The student media organization of California State University Northridge

Daily Sundial

The student media organization of California State University Northridge

Daily Sundial

The student media organization of California State University Northridge

Daily Sundial


Many organizations on campus promote academic achievement and exemplary character which allows for like-minded individuals to go on and achieve great accomplishments. This definitely rings true for CSUN’s very own Tau Beta Pi or TBP. CSUN’s chapter of TBP, California Kappa, has initiated 941 members through July 31, 2008 and continues to receive new members.

As one of the nation’s oldest engineering honor societies, TBP was founded in 1885 by Edward H. Williams and as a whole represents the entire engineering profession with 221 collegiate chapters in 16 districts across the United States.

In order to become a member of TBP, one must be in the top one-eighth of his/her junior class or top one-fifth of his/her senior class. CSUN requirements state that while a student is a TBP member they must maintain a minimum GPA of 3.2. Another requirement involves being an engineer or computer science major in order to be eligible for this prestigious organization.

Brian Meadows, president of TBP, understands the difficulty required to obtain membership.

‘It’s not easy to join and get in,’ said Meadows, who acts as a coordinator for the rest of the society’s officials.

To become a member of TBP, one must first be invited into the honors society, in which senior members like Meadows pick the candidates based on his/her academic achievements.

TBP members are expected to conduct themselves in a manner that upholds the society in a positive light as well as maintain solid grades.
Under Meadows’ term as president, 60 students received invites but only 27 became members.

‘To be in TBP you have to be pretty dedicated,’ said Meadows.

Like his fellow TBP member, Dr. Ali Amini shares the same honor society sentiment of promoting esteemed character by stating that the goal in establishing the society was to bring merit engineers who not only excel academically but integrity-wise as well. As an advisor to the CSUN chapter, Amini has interviewed his fair share of potential members and insists that grades are not the only trait needed for initiation.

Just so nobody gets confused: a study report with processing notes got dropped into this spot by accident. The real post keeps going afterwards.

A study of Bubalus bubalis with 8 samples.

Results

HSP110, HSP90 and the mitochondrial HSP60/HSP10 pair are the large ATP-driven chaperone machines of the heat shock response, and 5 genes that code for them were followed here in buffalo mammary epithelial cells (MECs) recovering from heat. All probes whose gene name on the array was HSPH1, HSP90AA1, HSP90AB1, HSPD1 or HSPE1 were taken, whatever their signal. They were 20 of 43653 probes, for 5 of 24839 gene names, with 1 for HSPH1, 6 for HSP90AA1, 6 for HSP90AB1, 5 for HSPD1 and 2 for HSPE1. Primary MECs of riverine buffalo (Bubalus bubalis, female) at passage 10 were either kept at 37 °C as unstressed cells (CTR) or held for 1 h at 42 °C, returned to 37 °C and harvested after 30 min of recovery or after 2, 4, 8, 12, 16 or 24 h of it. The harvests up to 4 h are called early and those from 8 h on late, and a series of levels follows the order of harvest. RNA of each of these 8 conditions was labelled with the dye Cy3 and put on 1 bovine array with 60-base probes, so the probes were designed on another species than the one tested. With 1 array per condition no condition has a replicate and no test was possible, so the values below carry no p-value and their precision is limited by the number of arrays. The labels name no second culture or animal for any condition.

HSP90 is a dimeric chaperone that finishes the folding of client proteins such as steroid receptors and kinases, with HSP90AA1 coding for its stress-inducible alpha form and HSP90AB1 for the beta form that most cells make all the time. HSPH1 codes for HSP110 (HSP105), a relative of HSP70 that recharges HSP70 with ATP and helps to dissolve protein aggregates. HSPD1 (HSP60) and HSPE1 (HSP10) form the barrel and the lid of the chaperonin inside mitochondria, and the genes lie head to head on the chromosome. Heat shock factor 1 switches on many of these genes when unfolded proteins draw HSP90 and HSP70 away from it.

‘We look at public perception as well,’ said Amini when asked about the interview process regarding future TBP members.
Students who are selected gain the opportunity to excel in not only their fields of study, but are also granted the opportunity to do community work, tutoring, and other communal acts.

TBP also has programs to help improve its members’ skills. For example, the TBP Engineering Futures Program provides engineering students with the tools needed to succeed by offering sessions in people skills, group process and analytical problem solving.

The engineering society has garnered a world-wide reputation because of its high standards for membership. TBP is a door-opener for its members. According to the TBP Web site,’ members are recipients of the National Medal of Technology, corporate CEOs, astronauts, and even NFL players.

Former TBP president Stacey Ross, a member since 2004, notes that ‘becoming a Tau Beta Pi member offers many rewards.’

Ross is a manager at UCLA in the area of material management. She is also a national officer serving on various committees for TBP including tutoring K-12 math and science programs to establish the importance of these subjects as well as prepare grade school students for competitive success in those respective disciplines. Still attending CSUN, she is currently pursuing a master’s degree in Engineer Management in order to become a patent agent.

According to Ross, TBP is an organization that rewards scholastic achievements. Membership doesn’t just end after college life, but bears representation of students hard-earned achievements.

‘Once you become a Tau Beta Pi, you’re a lifetime member,’ said Ross.

This spring seems bright for the engineering society since the current president, Meadows, is looking for more involvement and new activities for TBP members including celebrating the 40th anniversary of the CSUN chapter.